Chron logo Chron 3/7/2018 By Joey Guerra
Jason Aldean. © RodeoHouston Jason Aldean.

Cody Johnson had just three days to prepare for his RodeoHouston debut.

The Huntsville native, who grew up in a rural community outside of Lake Livingston called Sebastopol, was a last-minute replacement in 2017 for country band Old Dominion.

And it left Johnson, who worked as a prison guard and did some bull riding, little time to rehearse or even consider the magnitude of the situation.


OneRepublic. © RodeoHouston OneRepublic. Chris Young. © RodeoHouston Chris Young.

"All I knew was that I had to get a shirt from Cavender's, something different that I hadn't been wearing onstage. I wanted to make sure I had a pair of nice boots polished. Everything was dirty. I was just starting with the simple stuff, not letting it get to me, not really thinking about what was gonna go on."

Garth Brooks takes pictures with fans after a press conference announcing that he will play the opening and closing nights of the 2018 Houston Livestock Show and Rodeo, Thursday, March 16, 2017, in Houston. ( Jon Shapley / Houston Chronicle ) © Jon Shapley/Houston Chronicle Garth Brooks takes pictures with fans after a press conference announcing that he will play the opening and closing nights of the 2018 Houston Livestock Show and Rodeo, Thursday, March 16, 2017, in Houston. ( Jon Shapley / Houston Chronicle )

That 2017 performance drew more than 60,000 fans to NRG Stadium. And despite his best efforts to play it cool, the Texas country star found himself getting caught up in the emotion.

Cody Johnson performs at the Houston Livestock Show and Rodeo, at NRG Park, Wednesday, March 8, 2017, in Houston. ( Karen Warren / Houston Chronicle )

Cody Johnson performs at the Houston Livestock Show and Rodeo, at NRG Park, Wednesday, March 8, 2017, in Houston. ( Karen Warren / Houston Chronicle )
© Karen Warren, Staff Photographer


Zac Brown Band. © RodeoHouston Zac Brown Band. Leon Bridges. © RodeoHouston Leon Bridges.

"I remember playing that first gig. I remember writing that first song. Shoot, it's a little emotional to talk to you about it right now, honestly."

That performance was a good enough showing to earn Johnson an invitation to return this year. And this one is on track for an even bigger payoff. Only standing-room tickets remain for Johnson's Tuesday performance, making it one of the season's best-selling shows.

Even the star attraction had trouble trying to find seats.

"I tried to buy tickets at dinner the other night, myself, to my show. It was really, really hard to find a spot that had more than one seat," Johnson says. "For a brief moment, the little kid in me started laughing and getting all giddy."

Alessia Cara. © RodeoHouston Alessia Cara.


Kelsea Ballerini
© RodeoHouston

Johnson's entire career seems to have been building to this moment.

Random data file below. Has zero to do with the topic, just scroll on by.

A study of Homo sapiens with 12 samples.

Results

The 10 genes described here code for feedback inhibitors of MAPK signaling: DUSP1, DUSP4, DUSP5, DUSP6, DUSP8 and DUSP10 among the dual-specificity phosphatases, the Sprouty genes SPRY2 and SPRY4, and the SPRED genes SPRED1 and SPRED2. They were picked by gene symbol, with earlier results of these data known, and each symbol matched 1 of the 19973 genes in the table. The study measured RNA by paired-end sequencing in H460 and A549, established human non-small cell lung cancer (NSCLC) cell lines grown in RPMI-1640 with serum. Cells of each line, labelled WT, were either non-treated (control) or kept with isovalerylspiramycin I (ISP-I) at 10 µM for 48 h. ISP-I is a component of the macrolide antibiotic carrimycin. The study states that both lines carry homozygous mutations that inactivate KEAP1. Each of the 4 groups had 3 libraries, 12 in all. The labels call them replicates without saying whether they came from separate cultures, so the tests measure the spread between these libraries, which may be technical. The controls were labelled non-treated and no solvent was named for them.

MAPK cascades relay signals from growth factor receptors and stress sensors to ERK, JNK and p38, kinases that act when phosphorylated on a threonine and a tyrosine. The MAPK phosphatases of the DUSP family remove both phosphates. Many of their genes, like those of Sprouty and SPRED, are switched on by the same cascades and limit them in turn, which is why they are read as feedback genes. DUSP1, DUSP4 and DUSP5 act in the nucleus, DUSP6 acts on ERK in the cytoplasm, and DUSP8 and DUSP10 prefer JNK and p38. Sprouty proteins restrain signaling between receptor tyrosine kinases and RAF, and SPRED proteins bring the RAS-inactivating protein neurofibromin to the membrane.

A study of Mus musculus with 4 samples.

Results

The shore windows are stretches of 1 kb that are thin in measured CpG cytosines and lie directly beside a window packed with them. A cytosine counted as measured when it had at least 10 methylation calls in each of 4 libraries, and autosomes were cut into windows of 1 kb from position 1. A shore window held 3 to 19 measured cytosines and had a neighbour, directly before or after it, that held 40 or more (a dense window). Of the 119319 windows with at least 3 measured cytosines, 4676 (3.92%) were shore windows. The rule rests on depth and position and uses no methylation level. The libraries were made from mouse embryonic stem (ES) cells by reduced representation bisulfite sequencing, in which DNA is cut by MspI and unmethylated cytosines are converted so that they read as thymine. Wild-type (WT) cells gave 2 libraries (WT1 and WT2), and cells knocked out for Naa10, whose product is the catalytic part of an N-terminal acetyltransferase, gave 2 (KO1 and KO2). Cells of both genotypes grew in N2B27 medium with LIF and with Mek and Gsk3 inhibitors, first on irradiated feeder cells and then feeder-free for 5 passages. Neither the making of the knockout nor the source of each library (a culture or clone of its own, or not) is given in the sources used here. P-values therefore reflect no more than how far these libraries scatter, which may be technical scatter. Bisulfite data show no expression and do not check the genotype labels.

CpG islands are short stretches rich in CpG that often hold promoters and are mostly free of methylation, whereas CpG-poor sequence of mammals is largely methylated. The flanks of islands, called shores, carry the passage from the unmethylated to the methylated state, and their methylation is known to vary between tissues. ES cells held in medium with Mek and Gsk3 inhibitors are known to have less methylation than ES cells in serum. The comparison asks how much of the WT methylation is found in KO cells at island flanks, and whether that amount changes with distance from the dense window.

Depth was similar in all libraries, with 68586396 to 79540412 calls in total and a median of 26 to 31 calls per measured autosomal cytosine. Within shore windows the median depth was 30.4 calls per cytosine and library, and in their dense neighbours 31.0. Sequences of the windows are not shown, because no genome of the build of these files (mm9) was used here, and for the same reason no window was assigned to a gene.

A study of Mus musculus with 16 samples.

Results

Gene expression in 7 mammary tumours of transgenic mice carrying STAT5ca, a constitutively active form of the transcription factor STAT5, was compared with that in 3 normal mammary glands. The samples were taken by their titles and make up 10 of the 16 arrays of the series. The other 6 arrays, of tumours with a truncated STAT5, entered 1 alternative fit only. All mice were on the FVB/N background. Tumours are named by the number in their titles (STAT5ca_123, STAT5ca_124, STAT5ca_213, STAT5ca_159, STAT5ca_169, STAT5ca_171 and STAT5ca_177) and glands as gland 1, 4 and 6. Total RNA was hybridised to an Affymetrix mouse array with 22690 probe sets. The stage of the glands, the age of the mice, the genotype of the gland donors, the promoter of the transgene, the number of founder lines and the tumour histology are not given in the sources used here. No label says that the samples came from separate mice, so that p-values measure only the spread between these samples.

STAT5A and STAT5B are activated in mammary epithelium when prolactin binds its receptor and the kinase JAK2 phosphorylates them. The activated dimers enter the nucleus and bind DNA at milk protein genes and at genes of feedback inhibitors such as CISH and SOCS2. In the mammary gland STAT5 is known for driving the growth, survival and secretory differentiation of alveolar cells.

Cody Johnson. © RodeoHouston Cody Johnson. Cody Johnson. Photo by Jay Trevino © Hearst Newspapers Cody Johnson. Photo by Jay Trevino

He's spent the past several years touring throughout Texas, mining a genuine country sound that seems revelatory in the face of current trends. No bro-isms. No lazy metaphors. No pop crossover duets.

Chris Stapleton. © RodeoHouston Chris Stapleton.

He sold more than 300,000 tickets to 107 shows in 2017 alone. And he tallies more than 600,000 monthly listeners on Spotify.

His past two albums, 2014's "Cowboy Like Me" and 2016's "Gotta Be Me," debuted in the top 10 on Billboard's Country Albums chart without major label support or substantial radio play. Johnson releases his albums via his own CoJo imprint.

Garth Brooks.

Garth Brooks.
© RodeoHouston


Luke Bryan. © RodeoHouston Luke Bryan.

"This time around has been, 'Let's just pick the very best songs that I wanna play, the most creative, fun songs and just play music and not think about how it's gonna turn out,' " Johnson says. "Man, I can't tell you what that did for my creative process. It's probably the most 'Cody' record that you've ever heard."

Keith Urban.

Keith Urban.
© RodeoHouston

It's a sentiment that's similar to the way Johnson approached his first RodeoHouston show. And now that he's truly, finally had time to prepare, the good ol' boy from Texas is going to make the most of his moment.

Rascal Flatts. © RodeoHouston Rascal Flatts. Calibre 50 pose in the press room during the 14th annual Latin Grammy Awards on November 21, 2013 at the Mandalay Bay Resort and Casino in Las Vegas, Nevada. AFP PHOTO / Valerie Macon © VALERIE MACON, Getty Images Calibre 50 pose in the press room during the 14th annual Latin Grammy Awards on November 21, 2013 at the Mandalay Bay Resort and Casino in Las Vegas, Nevada. AFP PHOTO / Valerie Macon


"I wanted that. This is where the cowboy rides away. I feel like I've got my foot in the right place right now to grab ahold and make the mark that I've always wanted to make. It's gonna be so great getting to use RodeoHouston as a catalyst to help make that mark on country music."